This case and ECG was already posted here:
However, because of a new article, I want to post it again.
The patient presented with chest pain and had this ECG which is a very high risk situation. There was a severe ostial LAD thrombosis that was very close to the left main. He went for emergent bypass that evening and had a good outcome.
ST elevation in aVR is often thought to represent left main occlusion. However, it really just signifies widespread and diffuse subendocardial ischemia which could be due to left main or 3-vessel disease, or severe proximal LAD disease. Left Main occlusion generally causes rapid death; most who survive left main ACS have some flow and thus often have widespread ST depression.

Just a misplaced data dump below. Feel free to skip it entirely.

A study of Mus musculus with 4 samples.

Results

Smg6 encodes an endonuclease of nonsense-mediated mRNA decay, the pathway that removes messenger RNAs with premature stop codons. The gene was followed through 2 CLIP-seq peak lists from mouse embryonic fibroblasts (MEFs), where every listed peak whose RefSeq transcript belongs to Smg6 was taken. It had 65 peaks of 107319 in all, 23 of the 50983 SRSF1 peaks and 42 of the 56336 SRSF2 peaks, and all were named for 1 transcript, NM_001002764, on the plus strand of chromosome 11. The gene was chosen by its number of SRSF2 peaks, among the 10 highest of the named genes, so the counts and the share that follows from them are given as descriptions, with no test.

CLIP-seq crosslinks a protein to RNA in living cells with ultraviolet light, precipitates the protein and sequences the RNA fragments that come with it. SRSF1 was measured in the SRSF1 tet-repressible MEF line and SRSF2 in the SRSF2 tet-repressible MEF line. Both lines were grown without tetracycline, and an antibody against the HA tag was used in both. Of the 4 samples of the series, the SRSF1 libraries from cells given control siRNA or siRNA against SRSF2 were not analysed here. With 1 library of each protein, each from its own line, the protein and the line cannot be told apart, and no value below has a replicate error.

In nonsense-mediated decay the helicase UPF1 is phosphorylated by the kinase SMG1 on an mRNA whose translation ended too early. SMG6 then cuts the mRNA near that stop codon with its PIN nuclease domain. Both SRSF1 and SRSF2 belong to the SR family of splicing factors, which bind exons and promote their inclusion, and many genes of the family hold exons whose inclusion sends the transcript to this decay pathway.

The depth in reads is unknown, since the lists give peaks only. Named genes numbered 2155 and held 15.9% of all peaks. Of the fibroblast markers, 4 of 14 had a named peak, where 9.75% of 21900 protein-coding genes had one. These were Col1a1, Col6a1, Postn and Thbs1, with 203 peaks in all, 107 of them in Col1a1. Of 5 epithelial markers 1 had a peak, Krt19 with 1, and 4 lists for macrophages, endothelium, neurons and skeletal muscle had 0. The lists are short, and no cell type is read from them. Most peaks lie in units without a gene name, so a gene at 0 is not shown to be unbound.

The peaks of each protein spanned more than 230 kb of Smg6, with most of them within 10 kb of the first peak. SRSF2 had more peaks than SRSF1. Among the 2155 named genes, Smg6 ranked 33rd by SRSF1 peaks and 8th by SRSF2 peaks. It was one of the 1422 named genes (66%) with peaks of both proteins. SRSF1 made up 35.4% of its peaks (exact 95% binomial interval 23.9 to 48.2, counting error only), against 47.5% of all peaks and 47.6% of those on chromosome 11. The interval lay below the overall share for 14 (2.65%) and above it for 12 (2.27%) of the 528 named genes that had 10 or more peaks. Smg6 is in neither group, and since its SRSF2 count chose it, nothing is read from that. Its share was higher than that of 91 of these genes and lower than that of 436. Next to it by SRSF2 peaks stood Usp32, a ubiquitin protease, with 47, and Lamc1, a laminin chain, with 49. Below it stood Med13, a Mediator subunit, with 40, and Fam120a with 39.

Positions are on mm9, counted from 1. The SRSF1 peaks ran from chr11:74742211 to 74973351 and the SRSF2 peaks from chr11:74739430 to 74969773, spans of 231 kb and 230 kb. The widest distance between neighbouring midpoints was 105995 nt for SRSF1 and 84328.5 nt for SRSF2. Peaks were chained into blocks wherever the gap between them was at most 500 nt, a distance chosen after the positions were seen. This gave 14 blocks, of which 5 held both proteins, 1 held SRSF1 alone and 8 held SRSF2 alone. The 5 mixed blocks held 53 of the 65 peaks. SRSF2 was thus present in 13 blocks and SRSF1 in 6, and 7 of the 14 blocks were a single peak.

There is an important recent article relevant to this:
Kosuge M, Ebina T, Hibi K, et al. An early and simple predictor of severe left main and/or three-vessel disease in patients with non-ST-segment elevation acute coronary syndrome. Am J Cardiol;107(4):495-500.
They show that if there is not at least 1 mm STE in aVR, then ACS is highly unlikely to be due to severe 3-Vessel disease or Left Main. Why is this important? Because if such severe CAD is present, the patient is likely to need CABG. If they need CABG, then the surgeon will usually be unhappy if the patient received clopidogrel.
So, here is a potential strategy: if there is no STE in aVR, then you can safely give clopidogrel to this NSTEMI patient. If there is at least 1 mm STE in aVR, then a GP IIbIIIa inhibitor should be given instead.